Title

What do health consumers want to know about childhood vaccination?

Date of this Version

9-2016

Document Type

Conference Presentation

Publication Details

Published version

Mus, M., McGuire, T.M., Deckx, L., Kreijkamp-Kaspers, S., van Driel, M.L. (2016). What do health consumers want to know about childhood vaccination? Online abstract. Research in Social and Administrative Pharmacy: Proceedings of the Australasian Pharmaceutical Science Association (APSA) and the Australasian Society of Clinical and Experimental Pharmacologists and Toxicologists (ASCEPT) Joint Scientific Meeting. 29 November to 2 December, 2015. Hobart, Tasmania, Australia, 12(5), e35

Access the journal

Copyright © 2016 Published by Elsevier Inc.

ISSN

1551-7411

Abstract

Introduction

Vaccines are crucial to population health. Nevertheless, there are multiple barriers for parents or carers to vaccinate their children, resulting in lower than required population immunisation coverage.

Aim

This study aimed to identify the information needs and concerns of health consumer regarding childhood vaccination.

Methods

We conducted a retrospective, mixed method study of 1,342 childhood vaccination-related calls to an Australian consumer medicines call centre, NPS Medicines Line (September 2002-June 2010). Call narratives were explored to identify the key themes. Themes were compared for callers from high and low immunisation coverage areas (National Health Performance Authority data linked to caller postcode).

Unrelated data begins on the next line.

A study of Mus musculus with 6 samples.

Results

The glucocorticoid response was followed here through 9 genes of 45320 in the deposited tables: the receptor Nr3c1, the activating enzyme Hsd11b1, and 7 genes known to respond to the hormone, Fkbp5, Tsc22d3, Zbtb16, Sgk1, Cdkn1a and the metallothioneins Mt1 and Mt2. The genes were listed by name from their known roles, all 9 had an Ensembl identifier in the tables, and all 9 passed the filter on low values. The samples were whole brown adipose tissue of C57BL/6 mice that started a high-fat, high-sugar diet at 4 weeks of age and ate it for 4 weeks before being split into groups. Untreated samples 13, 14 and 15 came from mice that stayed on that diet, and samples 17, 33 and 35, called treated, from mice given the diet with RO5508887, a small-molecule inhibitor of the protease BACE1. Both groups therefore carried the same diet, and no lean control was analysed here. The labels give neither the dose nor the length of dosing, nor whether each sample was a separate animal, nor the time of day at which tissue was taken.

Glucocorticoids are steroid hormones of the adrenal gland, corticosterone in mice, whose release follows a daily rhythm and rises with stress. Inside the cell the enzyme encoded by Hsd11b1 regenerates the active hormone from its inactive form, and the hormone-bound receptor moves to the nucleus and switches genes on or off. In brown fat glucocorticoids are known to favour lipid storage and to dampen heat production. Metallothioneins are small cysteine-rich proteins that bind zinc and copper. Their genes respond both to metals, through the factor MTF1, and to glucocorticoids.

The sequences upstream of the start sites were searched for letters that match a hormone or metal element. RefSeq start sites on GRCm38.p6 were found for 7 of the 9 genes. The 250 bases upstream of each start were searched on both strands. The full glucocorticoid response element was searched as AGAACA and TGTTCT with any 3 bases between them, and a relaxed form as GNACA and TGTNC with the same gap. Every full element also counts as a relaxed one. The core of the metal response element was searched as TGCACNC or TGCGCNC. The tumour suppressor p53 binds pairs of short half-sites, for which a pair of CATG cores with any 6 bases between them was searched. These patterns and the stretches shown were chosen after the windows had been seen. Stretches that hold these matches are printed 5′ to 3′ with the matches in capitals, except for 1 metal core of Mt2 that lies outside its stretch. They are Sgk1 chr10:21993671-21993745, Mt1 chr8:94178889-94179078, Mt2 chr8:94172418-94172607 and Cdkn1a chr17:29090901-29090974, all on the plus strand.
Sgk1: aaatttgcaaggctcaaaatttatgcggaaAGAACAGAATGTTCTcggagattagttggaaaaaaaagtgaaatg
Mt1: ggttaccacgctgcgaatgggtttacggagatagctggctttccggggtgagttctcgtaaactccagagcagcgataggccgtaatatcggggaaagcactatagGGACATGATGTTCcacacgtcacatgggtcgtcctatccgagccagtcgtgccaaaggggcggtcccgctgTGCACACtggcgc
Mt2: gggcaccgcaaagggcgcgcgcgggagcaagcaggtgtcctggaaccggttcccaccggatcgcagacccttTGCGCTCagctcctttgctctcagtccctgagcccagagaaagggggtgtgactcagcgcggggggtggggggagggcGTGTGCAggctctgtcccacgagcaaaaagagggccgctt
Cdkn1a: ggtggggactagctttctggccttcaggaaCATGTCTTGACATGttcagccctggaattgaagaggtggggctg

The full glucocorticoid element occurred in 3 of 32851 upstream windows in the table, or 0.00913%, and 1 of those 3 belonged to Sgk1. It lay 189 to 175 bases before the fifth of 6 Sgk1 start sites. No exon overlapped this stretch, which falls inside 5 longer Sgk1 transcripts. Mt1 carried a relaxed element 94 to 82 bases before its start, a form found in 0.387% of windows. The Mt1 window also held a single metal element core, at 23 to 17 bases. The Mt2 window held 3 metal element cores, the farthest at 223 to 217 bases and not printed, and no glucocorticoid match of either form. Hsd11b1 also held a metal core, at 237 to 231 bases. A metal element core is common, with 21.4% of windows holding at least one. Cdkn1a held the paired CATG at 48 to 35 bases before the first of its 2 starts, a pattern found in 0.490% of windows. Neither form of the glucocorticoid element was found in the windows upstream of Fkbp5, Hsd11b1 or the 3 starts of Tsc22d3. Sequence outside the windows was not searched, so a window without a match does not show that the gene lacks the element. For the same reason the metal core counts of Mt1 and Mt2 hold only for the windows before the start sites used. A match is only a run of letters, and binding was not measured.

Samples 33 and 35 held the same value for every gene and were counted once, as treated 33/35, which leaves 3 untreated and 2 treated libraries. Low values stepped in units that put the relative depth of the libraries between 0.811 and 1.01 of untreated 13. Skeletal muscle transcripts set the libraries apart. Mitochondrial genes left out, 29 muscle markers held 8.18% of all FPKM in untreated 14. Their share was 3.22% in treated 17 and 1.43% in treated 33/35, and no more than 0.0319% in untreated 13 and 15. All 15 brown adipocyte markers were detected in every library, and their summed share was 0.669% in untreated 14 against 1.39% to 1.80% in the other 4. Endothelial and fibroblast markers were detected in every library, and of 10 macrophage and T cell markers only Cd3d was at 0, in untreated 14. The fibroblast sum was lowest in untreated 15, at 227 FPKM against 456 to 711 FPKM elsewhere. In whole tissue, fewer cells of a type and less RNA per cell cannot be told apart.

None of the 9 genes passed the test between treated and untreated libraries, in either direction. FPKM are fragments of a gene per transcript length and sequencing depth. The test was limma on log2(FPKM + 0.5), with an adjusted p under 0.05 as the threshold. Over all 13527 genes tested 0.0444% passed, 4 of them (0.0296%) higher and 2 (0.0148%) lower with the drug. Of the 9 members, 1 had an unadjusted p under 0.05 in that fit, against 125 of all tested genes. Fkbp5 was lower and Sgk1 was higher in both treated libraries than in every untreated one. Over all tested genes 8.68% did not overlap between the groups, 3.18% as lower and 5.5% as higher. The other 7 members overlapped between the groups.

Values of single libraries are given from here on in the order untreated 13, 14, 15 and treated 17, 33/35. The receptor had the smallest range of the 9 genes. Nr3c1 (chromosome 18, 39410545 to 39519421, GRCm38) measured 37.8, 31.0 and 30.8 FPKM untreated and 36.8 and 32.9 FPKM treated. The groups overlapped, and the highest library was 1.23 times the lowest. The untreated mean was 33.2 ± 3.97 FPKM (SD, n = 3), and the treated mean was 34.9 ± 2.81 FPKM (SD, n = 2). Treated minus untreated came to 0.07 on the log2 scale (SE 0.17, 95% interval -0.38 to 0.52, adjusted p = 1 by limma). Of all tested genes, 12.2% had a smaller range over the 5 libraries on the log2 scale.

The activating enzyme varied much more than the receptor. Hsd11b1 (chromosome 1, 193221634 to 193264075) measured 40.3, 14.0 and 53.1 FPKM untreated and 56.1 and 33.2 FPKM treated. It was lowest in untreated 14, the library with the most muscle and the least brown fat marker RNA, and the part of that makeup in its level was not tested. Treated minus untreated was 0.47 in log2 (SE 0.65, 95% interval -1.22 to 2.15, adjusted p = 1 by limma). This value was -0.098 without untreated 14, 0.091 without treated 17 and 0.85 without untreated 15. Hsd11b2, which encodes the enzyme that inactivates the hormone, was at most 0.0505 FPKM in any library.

Results

Vaccines that raised the most questions were the measles, mumps, rubella vaccine (29.9%), combined diphtheria, tetanus, pertussis, hepatitis B, poliomyelitis, Haemophilus influenzae type b vaccine (18.5%) and varicella vaccine (17.5%). The most commonly identified theme was safety concerns (60.4%), with questions about vaccine constituents as the predominant issue (31.6%). Other common themes involved adverse drug reactions (12.2%) and general vaccine information (10.4%). The most important difference between low and high immunisation areas was the higher level of concern about vaccine preservatives (mercury and thiomersal) in low immunisation areas.

Discussion

The consistent number of vaccine-related calls, particularly about safety, demonstrates an information gap that can act as a barrier to vaccination. Improving health professionals’ awareness of the immunisation rate in their local area and the concerns that act as barriers to vaccination uptake for their patients can help to fill the information gap and improve immunisation coverage.

 

This document has been peer reviewed.